UCLA men’s basketball players and coaches huddle on the floor of Pauley Pavilion. (Myka Fromm/Assistant Photo editor)

Men's basketball

Thursday, 6 p.m.

Jon M. Huntsman Center
Sunday, 4 p.m.

Pauley Pavilion
Pac-12 Networks

By Gavin Carlson

Jan. 11, 2024 12:02 p.m.

When the buzzer sounded inside Pauley Pavilion on Saturday night, coach Mick Cronin was already set to draw heavy criticism.

His team had just completed its first 0-2 homestand against Stanford and California since the 2004-2005 season.

But negative opinions toward Cronin only grew when he didn’t speak to the media following what was the Bruins’ third consecutive defeat.

On Tuesday, the coach said his absence was in order to continue speaking to his players rather than the press after the loss.

“It’s rare. … They need me right now,” Cronin said. “And I apologize (to the media), … but at that time they needed to see that I wasn’t concerned about anything else but the situation.”

Cronin and UCLA men’s basketball (6-9, 1-3 Pac-12) will have the chance to turn things around when they travel to Salt Lake City to take on Utah (11-4, 2-2) on Thursday before returning home to host Washington (9-6, 1-3) on Sunday. The pair of contests comes after the Bruins’ first loss to the Golden Bears in eight years and the worst four-game start to conference play since 2019-2020 – Cronin’s first year with the program.

“We haven’t lost a game by double figures all year, but I thought the other night was the first time that we got out-hustled, which is not acceptable,” Cronin said. “I take my job personally. It’s not healthy for me, … but that, I really take personally.”

In addition to overall effort, the Bruins’ offensive performance has become a serious issue for Cronin’s team.

UCLA is on a three-game streak of scoring fewer than 60 points and ranks dead last in the Pac-12 in points per game, field goal percentage and 3-point shooting percentage.

Ten of the conference’s 12 teams average more than 70 points per game, but UCLA has only scored 70 points in one contest since Thanksgiving: a loss to Cal State Northridge.

Following the loss to Cal, assistant coach Rod Palmer said the team’s decision making is lacking when attacking opposing defenses.

“Coach (Cronin) is trying to put the ball in people’s hands to score, guys who can score, and a lot of times they just think it’s for them to score,” Palmer said. “In actuality, it’s for them to score if they can, but find the open guy if they can’t. That’s the disconnect right there.”

The Bruins average 11.4 assists per contest, good for last in the Pac-12. With former point guard Tyger Campbell as lead playmaker of the past two seasons, UCLA ranked third in the conference in assists both campaigns.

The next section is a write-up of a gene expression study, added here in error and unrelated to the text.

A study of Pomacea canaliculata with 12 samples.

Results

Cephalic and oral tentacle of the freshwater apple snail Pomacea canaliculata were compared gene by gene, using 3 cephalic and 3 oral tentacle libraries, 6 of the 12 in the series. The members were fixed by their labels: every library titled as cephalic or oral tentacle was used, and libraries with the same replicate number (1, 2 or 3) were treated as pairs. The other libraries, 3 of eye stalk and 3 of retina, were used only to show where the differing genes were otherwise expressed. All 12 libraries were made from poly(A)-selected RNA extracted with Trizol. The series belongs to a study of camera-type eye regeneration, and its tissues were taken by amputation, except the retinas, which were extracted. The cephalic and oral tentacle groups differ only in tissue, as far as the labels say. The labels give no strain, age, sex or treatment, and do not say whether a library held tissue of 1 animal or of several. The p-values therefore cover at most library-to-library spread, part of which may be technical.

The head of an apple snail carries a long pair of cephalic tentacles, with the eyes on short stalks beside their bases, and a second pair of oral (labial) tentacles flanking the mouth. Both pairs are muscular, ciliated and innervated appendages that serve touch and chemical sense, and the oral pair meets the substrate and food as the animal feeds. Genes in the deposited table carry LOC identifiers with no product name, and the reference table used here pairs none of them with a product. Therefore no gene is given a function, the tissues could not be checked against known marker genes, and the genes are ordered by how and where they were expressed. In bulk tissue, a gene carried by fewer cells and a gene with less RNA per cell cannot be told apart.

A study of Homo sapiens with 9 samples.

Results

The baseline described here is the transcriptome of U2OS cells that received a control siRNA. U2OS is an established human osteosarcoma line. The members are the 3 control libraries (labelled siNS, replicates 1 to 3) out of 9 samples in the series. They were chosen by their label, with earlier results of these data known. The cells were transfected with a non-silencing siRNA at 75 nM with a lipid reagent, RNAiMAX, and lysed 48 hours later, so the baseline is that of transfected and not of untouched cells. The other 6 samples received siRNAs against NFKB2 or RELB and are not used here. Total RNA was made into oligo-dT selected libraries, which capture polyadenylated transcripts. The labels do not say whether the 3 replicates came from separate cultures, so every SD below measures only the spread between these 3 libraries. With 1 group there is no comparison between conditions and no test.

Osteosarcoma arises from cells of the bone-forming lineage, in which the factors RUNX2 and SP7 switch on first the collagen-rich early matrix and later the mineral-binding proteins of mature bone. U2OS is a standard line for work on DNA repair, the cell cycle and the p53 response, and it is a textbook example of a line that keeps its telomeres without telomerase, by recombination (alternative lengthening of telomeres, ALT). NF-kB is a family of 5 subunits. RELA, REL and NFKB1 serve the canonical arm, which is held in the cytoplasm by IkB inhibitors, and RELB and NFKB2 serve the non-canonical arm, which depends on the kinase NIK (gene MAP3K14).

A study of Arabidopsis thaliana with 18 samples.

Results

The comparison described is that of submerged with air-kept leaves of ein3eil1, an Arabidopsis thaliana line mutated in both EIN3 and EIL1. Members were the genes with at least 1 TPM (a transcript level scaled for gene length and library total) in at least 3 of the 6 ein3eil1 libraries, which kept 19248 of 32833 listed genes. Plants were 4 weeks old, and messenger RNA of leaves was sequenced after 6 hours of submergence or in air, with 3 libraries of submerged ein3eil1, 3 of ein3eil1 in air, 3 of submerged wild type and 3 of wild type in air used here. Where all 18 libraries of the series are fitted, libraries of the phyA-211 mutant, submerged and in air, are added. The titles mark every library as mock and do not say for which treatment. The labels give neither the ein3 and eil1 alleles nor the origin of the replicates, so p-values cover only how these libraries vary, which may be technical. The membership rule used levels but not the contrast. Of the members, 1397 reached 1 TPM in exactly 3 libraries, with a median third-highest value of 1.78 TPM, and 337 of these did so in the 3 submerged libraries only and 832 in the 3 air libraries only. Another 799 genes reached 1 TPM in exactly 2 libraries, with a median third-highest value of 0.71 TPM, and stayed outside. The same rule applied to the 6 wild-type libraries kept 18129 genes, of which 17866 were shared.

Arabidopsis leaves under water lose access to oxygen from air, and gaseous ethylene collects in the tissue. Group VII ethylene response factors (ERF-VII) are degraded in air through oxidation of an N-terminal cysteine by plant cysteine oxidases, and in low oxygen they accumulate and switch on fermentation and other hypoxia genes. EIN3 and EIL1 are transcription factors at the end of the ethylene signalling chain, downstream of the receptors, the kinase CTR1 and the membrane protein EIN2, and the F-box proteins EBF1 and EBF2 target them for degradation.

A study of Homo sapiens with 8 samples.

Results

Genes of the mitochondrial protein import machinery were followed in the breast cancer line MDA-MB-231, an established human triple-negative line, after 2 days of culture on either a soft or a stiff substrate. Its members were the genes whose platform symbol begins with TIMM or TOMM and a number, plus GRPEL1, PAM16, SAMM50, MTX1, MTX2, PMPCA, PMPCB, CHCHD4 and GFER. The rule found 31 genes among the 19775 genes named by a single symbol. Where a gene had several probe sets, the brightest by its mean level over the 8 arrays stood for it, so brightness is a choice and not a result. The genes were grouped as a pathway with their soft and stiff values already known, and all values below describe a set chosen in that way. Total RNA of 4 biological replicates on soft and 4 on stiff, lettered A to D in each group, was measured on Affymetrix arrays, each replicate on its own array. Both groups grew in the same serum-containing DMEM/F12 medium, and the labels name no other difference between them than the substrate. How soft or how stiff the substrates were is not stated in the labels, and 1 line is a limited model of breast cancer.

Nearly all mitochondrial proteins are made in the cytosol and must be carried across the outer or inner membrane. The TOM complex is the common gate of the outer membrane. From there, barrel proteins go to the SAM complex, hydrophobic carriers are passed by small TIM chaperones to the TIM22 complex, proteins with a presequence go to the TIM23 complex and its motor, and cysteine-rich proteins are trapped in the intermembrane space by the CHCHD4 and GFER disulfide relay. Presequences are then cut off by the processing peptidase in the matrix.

While things on offense must change to win games, the Bruins will have the opportunity to continue their strong defensive start to the season Thursday.

Cronin’s team is first in the conference in points allowed per game and opposing field goal percentage. The figures are even more impressive in Pac-12 play, as the Bruins’ 62.8 points allowed per conference contest is eight points per game fewer than the next lowest.

Redshirt fifth-year forward/center Kenneth Nwuba said UCLA will rely on its defense to jumpstart offensive improvements.

“When we go with defense and play good defense, the offense is going to come,” Nwuba said.

Both UCLA and Utah will enter Thursday’s contest on losing streaks, as the Utes dropped both games in their Arizona road trip last week. Outside of those two defeats, Utah’s only other two losses came against then-No. 6 Houston and at St. John’s – a team that was receiving AP Poll votes at the time.

The Huskies’ start to the season, meanwhile, has been even more similar to that of the Bruins.

In addition to sharing the same conference record, Washington and UCLA have both earned seven-point victories against Oregon State and tight defeats versus Oregon. The Huskies’ nonconference stretch included losses to ranked and non-Power Five teams but also featured an upset of then-No. 7 Gonzaga.

At two games below .500 in conference play, this upcoming pair of contests presents an opportunity to return to neutral. Cronin said the team must protect its identity in order to turn things around.

“It’s still my job to deliver what the fans want,” Cronin said. “But our effort, … that is the biggest problem. If you lose that, you lose your culture, and we’ve been great all year with that regardless of scoreboard.”

Carlson is currently a staff writer on the football, men's basketball and women's basketball beats. He was previously a reporter on the softball and men's golf beats.
Carlson is currently a staff writer on the football, men's basketball and women's basketball beats. He was previously a reporter on the softball and men's golf beats.